This is our fifth and final installation of Physics of Rock Climbing (for now). Of course, I saved the most exciting stuff for last: BLACK HOLES! Feel free to skim over my general relativity (GR) piece from last time for some extra review of gravity.
We won’t be discussing Kerr black holes specifically, but nevertheless our hypothetical climber’s name today is Roy. Roy is a bit of an adrenaline junkie, and so he’s climbing right next to a black hole on a route called Robert’s Walk. The route extends away from the black hole in a straight line such that the start is nearest the black hole and the finish is farthest from the black hole. Our previous facts from GR still hold, of course. Roy experiences what Karl did, except much more noticeably since the black hole is magnitudes heavier and more dense than the earth. If you remember, we compared the earth to a bowling ball on a trampoline. A black hole on that trampoline would be something like the mass of a skyscraper in the volume of a grain of rice. You can imagine the difference our marble would feel on the trampoline if it had a bowling ball versus the really heavy grain of rice in the middle. If the trampoline were super tall. And super stretchy.
Having said that, there is something Roy experiences that Karl doesn’t. Roy can cross what’s called the Schwarzschild radius or event horizon. Earth’s Schwarzschild radius is smaller than Earth’s actual radius, so we can’t really see anything special there. However, since the black hole is so heavy and dense, the black hole’s Schwarzschild radius is WAY bigger than the radius of the hole itself. As you may have guessed already, the Schwarzschild radius is where everything goes black for Roy. He can’t see past it into the hole (hence the name black hole). Now let’s imagine the start of Robert’s Walk is a ledge, and the wall actually extends inside the Schwarzschild radius. Being a daredevil, Roy asks his belayer to lower him past Schwarzschild radius. Solemnly, his belayer complies, and he sees Roy approach, but never cross, the Schwarzschild radius. The closer he gets, the slower he appears to move. But this is only what his belayer sees. At the moment Roy is at the Schwarzschild radius, any light he emits back is frozen in time forever, and no one inside or outside of the hole will ever see it. Once he crosses the Schwarzschild radius…well, we don’t really know. We do know, however, no matter how hard he climbs, he will never be at rest, let alone ever climb back up to his belayer.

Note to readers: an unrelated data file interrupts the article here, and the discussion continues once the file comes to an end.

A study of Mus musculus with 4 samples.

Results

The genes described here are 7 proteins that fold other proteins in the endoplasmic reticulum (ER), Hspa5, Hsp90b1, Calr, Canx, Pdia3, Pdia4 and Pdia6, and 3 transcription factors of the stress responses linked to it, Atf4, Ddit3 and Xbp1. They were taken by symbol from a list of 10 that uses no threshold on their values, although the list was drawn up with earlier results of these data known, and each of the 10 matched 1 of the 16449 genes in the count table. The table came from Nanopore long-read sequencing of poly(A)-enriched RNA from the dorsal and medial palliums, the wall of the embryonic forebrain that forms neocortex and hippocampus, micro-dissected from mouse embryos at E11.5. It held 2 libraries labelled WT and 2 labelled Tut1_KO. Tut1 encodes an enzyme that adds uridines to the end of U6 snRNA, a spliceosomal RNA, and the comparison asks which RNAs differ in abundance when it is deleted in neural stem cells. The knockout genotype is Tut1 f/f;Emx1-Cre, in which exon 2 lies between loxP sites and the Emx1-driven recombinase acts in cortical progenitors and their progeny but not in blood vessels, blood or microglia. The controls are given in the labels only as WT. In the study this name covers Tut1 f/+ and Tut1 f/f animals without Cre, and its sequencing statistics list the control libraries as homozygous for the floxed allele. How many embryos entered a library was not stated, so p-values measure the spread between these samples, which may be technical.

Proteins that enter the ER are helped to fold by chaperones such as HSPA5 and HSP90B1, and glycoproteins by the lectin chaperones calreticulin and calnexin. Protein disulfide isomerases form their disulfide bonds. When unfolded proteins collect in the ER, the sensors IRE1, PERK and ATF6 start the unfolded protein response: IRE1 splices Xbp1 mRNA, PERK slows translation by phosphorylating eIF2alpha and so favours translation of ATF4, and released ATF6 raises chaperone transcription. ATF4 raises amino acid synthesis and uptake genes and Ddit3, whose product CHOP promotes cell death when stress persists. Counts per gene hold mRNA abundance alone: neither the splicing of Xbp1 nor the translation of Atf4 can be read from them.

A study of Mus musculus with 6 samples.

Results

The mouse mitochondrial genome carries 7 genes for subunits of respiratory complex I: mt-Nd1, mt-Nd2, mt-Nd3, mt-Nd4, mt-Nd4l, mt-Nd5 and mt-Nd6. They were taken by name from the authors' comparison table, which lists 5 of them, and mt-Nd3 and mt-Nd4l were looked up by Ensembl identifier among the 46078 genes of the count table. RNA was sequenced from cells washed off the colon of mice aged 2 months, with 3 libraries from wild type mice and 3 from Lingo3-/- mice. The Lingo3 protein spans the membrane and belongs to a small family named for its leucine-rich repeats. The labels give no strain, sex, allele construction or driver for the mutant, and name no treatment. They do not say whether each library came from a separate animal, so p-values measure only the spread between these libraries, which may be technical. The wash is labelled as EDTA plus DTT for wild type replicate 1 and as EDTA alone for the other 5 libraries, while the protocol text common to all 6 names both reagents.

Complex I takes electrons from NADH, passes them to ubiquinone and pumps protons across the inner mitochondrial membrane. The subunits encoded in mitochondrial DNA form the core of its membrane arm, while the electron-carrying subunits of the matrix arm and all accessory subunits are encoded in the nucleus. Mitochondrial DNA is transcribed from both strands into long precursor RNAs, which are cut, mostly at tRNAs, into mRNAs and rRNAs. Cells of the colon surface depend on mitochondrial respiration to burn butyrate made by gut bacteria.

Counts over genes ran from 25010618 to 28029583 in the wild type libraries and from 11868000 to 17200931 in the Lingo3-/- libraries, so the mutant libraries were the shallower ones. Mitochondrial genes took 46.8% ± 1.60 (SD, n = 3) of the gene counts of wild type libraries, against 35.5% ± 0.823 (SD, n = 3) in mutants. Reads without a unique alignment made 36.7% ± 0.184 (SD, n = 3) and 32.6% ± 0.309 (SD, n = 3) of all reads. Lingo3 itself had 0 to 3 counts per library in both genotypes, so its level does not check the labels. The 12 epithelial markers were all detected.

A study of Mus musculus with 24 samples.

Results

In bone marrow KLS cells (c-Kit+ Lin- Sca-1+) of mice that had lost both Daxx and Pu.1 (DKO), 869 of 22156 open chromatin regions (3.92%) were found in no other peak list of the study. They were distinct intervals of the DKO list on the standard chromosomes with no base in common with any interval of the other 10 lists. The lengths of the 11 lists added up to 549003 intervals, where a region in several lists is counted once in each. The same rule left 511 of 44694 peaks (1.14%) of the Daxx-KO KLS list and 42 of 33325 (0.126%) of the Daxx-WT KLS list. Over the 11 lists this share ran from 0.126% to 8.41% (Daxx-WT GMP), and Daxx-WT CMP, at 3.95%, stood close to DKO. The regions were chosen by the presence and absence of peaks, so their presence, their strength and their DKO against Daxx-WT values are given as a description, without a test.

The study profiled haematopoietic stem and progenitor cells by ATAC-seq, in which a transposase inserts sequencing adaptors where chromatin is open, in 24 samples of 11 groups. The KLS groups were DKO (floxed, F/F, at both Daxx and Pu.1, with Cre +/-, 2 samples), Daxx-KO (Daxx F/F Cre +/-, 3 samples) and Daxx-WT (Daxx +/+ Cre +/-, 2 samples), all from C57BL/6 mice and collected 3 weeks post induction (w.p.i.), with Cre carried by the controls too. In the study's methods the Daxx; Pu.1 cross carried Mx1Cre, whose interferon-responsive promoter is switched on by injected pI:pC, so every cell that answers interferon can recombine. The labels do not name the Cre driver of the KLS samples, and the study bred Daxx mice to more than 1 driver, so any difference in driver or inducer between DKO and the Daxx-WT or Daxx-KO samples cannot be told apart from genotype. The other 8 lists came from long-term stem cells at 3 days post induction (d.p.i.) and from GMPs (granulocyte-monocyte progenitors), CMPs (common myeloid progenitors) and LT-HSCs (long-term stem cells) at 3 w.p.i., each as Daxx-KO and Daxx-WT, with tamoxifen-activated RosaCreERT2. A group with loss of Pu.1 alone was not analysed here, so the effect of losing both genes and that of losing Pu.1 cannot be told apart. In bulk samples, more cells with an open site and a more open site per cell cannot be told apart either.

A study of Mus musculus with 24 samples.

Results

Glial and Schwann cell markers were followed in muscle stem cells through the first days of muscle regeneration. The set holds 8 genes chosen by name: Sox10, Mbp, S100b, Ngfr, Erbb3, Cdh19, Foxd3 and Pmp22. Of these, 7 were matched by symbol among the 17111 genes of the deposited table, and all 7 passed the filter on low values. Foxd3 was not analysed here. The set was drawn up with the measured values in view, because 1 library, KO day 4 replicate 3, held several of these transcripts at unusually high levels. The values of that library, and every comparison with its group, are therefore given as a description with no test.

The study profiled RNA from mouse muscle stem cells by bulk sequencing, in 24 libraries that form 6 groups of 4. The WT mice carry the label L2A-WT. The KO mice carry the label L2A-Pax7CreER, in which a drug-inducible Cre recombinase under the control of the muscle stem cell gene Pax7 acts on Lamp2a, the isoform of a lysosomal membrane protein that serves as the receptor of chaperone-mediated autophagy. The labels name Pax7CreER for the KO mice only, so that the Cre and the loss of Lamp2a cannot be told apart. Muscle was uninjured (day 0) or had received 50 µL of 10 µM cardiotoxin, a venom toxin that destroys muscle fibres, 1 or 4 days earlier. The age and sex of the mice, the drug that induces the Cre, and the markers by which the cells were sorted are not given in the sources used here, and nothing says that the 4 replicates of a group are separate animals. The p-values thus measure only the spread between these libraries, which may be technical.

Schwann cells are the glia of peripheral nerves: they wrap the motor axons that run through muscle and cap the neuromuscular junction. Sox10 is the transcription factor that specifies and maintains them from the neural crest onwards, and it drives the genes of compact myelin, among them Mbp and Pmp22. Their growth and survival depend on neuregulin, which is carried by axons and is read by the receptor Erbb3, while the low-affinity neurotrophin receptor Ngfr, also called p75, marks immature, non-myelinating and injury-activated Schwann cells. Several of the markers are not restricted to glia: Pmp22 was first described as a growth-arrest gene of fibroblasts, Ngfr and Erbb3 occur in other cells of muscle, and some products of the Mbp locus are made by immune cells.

One interpretation is that space and time somehow switch meanings. In other words, Roy could experience space as we experience time (a flow where we can never see forward) and experience time as we experience space (we can’t really imagine what this would be like). Another possibility is that Roy emerges from the other end of the hole at a white hole. This white hole could be on the other side of spacetime (he would have traveled through a wormhole!). One thing we do know is that if Roy actually tried to do this, he would be dead long before he reaches the Schwarzschild radius. The force at his feet would be much greater than the force at his head, and he would snap/get squished. It would be like hanging a couple tons on Roy’s feet while he is hanging from a pull-up bar. Yikes.
The moral of the story is do not try this at home or at your nearest black hole.
Thank you for exploring the interface of physics and rock climbing with me! It has been an absolute pleasure, and if there’s anything else I can expand on, please let us know!